The Centers for Medicare & Medicaid Services (CMS) has selected more than 200 emergency transport providers to participate in its Emergency Triage, Treat and Transport (ET3) model — a new payment model that leverages mHealth and telehealth to reimburse Medicare-enrolled ambulance providers that triage 911 calls, according to mHealthIntelligence.
The CMS’ new model aims to reduce the number of unnecessary emergency transports to hospitals by first triaging patients via telehealth — and could generate huge savings for Medicare. The voluntary, five-year payment model provides ambulance care teams with greater leeway to address Medicare Fee-for-Service beneficiaries’ care needs after a 911 call, per the Journal of Emergency Medical Services.
For example, when arriving at the scene of a 911 call, participating emergency transport providers have the option to transport a beneficiary to an alternative destination like an urgent care clinic or facilitate treatment by a clinician, whether in-person or through telehealth. And these options will now be reimbursed by Medicare under its expanded ambulatory requirements as part of the ET3 model. Medicare could benefit from its involvement in the ET3 model by cutting down on its share of the $32 billion in annual costs the US healthcare system spends as a result of avoidable ER visits.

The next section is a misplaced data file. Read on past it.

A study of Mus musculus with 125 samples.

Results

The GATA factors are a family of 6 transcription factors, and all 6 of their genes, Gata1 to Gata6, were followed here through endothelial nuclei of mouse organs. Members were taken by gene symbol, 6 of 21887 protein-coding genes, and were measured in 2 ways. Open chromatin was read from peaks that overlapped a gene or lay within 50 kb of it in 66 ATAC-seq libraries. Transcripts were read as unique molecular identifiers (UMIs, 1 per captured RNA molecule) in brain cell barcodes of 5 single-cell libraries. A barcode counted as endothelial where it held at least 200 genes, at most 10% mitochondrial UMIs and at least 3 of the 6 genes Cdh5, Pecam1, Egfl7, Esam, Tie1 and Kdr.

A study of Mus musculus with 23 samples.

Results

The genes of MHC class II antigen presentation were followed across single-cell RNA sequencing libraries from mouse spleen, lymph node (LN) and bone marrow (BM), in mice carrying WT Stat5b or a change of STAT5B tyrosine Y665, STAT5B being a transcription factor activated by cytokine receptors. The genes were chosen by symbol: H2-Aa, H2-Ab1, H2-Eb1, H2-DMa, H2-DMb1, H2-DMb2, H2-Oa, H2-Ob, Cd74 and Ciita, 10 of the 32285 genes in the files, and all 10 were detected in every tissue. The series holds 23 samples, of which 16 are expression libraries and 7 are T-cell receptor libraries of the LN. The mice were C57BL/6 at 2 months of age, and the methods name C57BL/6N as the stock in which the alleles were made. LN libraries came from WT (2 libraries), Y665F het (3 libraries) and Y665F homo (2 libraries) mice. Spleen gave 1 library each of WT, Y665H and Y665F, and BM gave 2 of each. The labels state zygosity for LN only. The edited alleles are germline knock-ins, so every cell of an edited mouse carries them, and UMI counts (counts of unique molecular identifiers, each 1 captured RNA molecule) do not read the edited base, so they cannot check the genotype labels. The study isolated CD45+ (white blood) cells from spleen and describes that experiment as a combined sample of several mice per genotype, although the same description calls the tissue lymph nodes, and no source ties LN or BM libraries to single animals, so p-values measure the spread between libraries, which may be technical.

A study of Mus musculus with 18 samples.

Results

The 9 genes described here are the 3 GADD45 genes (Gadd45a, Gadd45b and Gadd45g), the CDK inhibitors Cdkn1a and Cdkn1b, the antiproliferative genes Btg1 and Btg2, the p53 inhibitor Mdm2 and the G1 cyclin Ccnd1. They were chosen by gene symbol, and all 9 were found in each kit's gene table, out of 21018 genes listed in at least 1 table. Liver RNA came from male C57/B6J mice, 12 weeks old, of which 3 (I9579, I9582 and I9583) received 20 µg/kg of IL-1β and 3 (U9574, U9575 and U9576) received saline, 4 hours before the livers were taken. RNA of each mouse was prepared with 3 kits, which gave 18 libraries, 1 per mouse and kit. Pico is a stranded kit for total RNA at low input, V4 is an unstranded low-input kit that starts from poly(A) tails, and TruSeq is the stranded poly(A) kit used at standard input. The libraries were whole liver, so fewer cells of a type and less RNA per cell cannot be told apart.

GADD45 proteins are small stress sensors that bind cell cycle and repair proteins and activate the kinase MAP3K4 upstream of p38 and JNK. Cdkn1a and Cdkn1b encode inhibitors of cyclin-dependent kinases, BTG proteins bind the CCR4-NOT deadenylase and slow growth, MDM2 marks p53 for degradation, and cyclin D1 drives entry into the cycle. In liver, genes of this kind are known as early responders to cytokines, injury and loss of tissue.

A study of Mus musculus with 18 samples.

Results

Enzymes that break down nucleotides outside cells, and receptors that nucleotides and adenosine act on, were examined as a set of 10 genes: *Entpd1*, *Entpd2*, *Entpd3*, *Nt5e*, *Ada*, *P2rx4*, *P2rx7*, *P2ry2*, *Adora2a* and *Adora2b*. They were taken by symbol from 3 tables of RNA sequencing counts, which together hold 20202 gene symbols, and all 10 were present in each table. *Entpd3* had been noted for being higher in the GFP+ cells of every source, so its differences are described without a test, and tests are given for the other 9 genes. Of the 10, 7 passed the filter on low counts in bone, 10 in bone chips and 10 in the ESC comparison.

And providers that opt-in to participate have an opportunity to see greater reimbursement under value-based payment models. Value-based care (VBC) is a burgeoning reimbursement model in which providers are paid based on positive patient outcomes rather than the number of services rendered.
And insurers are driving the shift to VBC, partly as an effort to cut down on unnecessary medical services — a leading cost of claims. So, by diverting patients to an appropriate care destination and cutting down on unnecessary, expensive trips to the hospital, providers could benefit from their participation in the ET3 model by seeing greater reimbursement under VBC.
And while providers have been slow to warm up to VBC, incentives via ET3 come in the form of greater reimbursement — which could be the motivation providers need to fully embrace the US healthcare system’s shift away from fee-for-service payments.